Bahamians displaced by Dorian seek solace, community in South Florida – NBC News

MIAMI — Hurricane Dorian killed four members of Cleora Patricia Burton’s family in the Bahamian city of Freeport, damaged her home and left her and her two children with no water, electricity or sense of security.

So when she heard a cruise ship was taking people off the island of Grand Bahama to the United States, she made a decision to leave and go to South Florida, as thousands of other Bahamians faced an uncertain future in the wake of the mass destruction caused by the Category 5 storm.

“What are we going to do? Where are we going to go? How are we going to survive this? That’s why we came,” Burton, 55, said from Christ Episcopal Church, founded by Bahamian settlers, in Miami’s Coconut Grove neighborhood. She and her children, Hannah, 16, and Blair, 21, are living with a cousin who brought them to the church that day before a noon service.

“We don’t know what’s going to happen tomorrow,” she said. “We don’t know how we’re going to go home. Are we going to get back?”

Miami and the Bahamas share a rich history going back to before the city’s founding, and as Bahamians displaced by Dorian have come to South Florida, the Bahamian community there has come together in worry for loved ones, a passion to help rebuild and prayers for the islands’ recovery.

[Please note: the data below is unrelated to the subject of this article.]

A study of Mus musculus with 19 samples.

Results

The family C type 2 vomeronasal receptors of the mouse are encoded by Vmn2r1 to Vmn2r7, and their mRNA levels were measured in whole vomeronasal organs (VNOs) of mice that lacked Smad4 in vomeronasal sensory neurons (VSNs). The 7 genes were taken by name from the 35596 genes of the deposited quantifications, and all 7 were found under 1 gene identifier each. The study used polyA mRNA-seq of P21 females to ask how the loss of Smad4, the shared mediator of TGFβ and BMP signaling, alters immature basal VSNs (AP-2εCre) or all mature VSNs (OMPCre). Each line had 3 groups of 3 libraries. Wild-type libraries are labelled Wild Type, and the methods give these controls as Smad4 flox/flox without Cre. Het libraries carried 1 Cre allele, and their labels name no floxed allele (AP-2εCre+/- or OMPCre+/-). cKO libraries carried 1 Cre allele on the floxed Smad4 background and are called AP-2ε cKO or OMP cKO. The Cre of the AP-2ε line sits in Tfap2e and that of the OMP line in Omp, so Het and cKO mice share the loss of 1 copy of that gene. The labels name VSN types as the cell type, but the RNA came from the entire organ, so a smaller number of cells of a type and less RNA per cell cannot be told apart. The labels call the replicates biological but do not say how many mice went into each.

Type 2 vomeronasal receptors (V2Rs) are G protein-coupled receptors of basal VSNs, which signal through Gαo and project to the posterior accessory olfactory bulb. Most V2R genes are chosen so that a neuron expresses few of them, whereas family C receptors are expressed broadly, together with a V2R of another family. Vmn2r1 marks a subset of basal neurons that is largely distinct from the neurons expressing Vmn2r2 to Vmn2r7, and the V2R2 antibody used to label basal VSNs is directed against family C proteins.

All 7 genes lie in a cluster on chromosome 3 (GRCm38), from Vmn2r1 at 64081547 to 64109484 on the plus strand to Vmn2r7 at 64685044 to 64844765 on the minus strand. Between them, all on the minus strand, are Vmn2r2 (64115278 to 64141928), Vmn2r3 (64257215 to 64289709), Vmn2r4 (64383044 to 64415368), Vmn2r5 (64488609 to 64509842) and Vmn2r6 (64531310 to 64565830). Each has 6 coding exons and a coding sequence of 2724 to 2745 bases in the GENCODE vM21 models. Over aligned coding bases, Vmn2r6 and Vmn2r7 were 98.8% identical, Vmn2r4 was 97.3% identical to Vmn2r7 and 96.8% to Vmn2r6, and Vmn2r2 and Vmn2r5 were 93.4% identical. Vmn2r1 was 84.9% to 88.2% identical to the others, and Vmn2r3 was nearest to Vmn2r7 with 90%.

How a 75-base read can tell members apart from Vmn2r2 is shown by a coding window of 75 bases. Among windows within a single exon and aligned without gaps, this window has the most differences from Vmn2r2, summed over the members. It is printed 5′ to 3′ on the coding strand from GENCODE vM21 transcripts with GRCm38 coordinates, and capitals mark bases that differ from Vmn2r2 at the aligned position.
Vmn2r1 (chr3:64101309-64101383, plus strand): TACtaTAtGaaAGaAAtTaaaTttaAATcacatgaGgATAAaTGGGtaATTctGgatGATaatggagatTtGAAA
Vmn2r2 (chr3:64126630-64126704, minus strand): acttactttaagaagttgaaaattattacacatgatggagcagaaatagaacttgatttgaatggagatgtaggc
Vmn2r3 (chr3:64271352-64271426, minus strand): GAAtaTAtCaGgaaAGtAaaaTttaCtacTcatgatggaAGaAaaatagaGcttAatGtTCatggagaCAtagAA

Christ Episcopal Church has served as a donation center during the relief effort, and throughout the day on Wednesday people came in and out with donations for relief efforts and asked how they could volunteer to help.

“We’ve been here collecting every day,” the Rev. Jonathan Archer, the church rector, said. “The level of devastation and loss of life there is immeasurable.”

The Rev. Jonathan Archer of the Christ Episcopal Church in Miami. Saul Martinez / for NBC News

A little more than a week ago, Hurricane Dorian ravaged Grand Bahama and the Abaco Islands as the strongest hurricane to hit the Bahamas on record, wreaking havoc across the area in a sustained 48-hour assault. At least 50 people were known to have been killed, but Bahamian Prime Minister Hubert Minnis said Wednesday night that the death toll was expected to rise significantly.

About 1,300 people were registered as missing as of Thursday afternoon, according to Bahamian officials.